Date: 20th September 2012
Topic: Switching On
Technology: M2M
Tags: Digi International

CONNECTING_LIGHT_015.jpgFor two days at the end of August, Britain’s greatest Roman monument, the 70-mile-long Hadrian’s Wall World Heritage Site, pulsated with colour, brought alive by an interactive digital art installation consisting of hundreds of interactive light-filled balloons.

Linked via a wireless network, the balloons transmitted colours from one to another. The installation, devised by the YesYesNo art collective and named Connecting Light, was part of the London 2012 Festival, a series of Cultural Olympiad initiatives across the United Kingdom. 

With more than 400 large balloons spanning the width of England, it provided a public demonstration of advanced machine-to-machine (M2M) communications, showcasing a communications technology that is enabling businesses to open new markets and compete in a highly connected world.

Mobile access

“Central control of widely deployed assets is the next phase of the Internet, and this is a great example of how technology can be used to take control of remote devices”, said Larry Kraft, senior vice president of global sales and marketing, Digi International. “We created a system that allows anyone with an Internet or cellular connection to easily communicate with hundreds of interactive balloons scattered across England. It’s the same advanced infrastructure that municipalities use to connect street lights and variable message signs along highways, and that forward-thinking power utilities are using to network their entire grid.”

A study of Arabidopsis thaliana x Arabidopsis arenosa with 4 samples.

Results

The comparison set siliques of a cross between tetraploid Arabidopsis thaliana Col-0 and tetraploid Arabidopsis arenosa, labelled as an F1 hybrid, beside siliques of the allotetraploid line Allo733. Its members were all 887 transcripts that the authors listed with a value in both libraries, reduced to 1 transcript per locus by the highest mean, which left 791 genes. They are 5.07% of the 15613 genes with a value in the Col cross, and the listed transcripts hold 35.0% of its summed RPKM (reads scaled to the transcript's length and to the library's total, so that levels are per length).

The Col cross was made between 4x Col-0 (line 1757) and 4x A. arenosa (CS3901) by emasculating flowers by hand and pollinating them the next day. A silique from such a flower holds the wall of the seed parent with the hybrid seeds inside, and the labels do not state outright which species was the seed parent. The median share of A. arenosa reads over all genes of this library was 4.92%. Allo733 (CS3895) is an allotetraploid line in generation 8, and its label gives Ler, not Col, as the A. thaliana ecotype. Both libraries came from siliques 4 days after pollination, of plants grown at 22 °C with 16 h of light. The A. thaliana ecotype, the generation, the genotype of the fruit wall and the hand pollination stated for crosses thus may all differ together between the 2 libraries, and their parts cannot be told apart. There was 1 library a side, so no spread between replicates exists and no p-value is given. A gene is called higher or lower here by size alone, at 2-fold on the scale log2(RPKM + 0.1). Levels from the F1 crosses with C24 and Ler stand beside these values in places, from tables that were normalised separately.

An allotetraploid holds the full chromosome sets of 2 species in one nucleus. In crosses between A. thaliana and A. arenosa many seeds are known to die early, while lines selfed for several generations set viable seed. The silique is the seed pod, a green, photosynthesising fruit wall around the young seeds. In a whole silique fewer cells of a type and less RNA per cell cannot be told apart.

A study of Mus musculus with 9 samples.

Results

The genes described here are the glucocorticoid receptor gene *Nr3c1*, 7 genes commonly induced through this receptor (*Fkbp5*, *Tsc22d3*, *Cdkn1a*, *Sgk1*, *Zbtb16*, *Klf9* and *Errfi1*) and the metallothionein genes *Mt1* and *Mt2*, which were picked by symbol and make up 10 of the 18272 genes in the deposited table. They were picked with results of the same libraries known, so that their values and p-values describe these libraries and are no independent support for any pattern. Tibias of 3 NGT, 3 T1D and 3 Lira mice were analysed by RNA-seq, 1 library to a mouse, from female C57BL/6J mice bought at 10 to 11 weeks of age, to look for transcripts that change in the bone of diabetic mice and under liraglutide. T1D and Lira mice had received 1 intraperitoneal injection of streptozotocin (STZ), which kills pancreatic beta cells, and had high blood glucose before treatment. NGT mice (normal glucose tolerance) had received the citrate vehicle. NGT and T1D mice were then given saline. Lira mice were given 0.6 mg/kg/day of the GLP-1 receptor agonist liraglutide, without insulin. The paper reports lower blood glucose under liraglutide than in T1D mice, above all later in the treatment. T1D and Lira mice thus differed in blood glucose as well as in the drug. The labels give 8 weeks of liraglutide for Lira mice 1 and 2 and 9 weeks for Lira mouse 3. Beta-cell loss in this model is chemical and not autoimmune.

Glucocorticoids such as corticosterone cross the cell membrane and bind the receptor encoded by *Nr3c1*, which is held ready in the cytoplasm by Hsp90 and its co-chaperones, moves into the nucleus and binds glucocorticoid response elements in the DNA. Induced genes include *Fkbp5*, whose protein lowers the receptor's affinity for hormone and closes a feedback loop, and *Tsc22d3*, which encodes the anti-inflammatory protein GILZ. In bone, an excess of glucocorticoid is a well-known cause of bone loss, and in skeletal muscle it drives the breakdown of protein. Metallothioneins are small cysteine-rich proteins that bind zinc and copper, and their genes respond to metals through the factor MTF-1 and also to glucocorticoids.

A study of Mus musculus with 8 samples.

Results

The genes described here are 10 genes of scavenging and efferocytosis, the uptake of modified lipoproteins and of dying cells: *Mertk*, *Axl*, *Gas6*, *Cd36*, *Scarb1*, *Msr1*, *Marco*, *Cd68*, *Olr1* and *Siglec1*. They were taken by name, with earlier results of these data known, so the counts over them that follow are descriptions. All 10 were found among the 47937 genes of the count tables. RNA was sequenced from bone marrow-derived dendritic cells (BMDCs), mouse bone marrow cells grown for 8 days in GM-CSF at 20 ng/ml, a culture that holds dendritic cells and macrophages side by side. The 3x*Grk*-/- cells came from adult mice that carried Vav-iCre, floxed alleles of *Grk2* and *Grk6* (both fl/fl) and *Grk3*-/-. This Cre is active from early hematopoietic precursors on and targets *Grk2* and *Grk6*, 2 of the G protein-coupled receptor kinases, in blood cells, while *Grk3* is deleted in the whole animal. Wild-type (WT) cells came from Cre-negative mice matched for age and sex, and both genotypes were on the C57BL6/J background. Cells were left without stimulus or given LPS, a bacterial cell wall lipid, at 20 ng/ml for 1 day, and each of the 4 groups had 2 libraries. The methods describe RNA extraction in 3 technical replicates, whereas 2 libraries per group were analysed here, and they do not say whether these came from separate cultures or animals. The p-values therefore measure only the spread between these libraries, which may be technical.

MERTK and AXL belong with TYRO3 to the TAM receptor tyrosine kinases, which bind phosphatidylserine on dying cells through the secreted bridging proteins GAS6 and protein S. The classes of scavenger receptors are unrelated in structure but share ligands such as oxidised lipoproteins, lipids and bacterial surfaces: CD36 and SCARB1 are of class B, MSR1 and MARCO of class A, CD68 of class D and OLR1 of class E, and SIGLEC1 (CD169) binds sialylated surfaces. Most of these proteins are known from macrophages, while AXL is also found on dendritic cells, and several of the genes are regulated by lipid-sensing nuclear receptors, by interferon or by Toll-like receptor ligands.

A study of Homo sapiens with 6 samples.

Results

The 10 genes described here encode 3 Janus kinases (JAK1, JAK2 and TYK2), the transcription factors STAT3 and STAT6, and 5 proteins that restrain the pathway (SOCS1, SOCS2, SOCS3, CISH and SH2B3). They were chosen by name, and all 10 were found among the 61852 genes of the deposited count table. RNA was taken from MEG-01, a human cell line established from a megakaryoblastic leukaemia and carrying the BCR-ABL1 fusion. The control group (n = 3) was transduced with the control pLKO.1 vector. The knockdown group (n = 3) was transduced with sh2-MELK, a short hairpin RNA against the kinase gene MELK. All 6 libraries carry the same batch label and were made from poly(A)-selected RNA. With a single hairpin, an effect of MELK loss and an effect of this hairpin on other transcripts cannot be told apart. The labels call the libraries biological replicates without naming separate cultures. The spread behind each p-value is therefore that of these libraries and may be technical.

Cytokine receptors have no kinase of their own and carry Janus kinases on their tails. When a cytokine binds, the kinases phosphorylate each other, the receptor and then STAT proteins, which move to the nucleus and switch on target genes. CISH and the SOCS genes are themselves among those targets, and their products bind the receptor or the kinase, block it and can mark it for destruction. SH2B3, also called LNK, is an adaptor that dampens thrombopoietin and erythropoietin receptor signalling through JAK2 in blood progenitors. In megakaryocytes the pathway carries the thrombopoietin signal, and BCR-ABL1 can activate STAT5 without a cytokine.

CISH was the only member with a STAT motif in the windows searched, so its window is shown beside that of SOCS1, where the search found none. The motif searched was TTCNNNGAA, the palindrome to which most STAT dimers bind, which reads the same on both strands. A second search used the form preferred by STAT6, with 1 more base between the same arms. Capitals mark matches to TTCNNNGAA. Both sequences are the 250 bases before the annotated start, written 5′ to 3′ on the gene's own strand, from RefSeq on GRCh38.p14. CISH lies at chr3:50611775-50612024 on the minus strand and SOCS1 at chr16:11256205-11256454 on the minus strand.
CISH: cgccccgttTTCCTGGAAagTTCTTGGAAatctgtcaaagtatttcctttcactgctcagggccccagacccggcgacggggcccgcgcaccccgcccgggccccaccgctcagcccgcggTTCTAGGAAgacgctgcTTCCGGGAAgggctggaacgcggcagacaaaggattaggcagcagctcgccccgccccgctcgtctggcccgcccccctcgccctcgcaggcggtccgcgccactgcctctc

The art project was connected by the company’s iDigi Device Cloud, a ready-to-use device cloud networking platform. This provided the backbone of the project, supplying the infrastructure required to access, control, configure and upgrade each illumination device securely over the Internet.

Remote management

For connecting to the iDigi Device Cloud, each Connecting Light balloon included a programmable XBee radio-frequency module. All together, the balloons created a vast ZigBee wireless network, which was linked via ConnectPort X4 cellular gateways to a custom application hosted on the iDigi Device Cloud.

The installation artists were able to easily monitor the status of the balloons and manage their light patterns remotely through the Connecting Light website. Spectators interacted with the balloons by sending commands and messages using their mobile phones.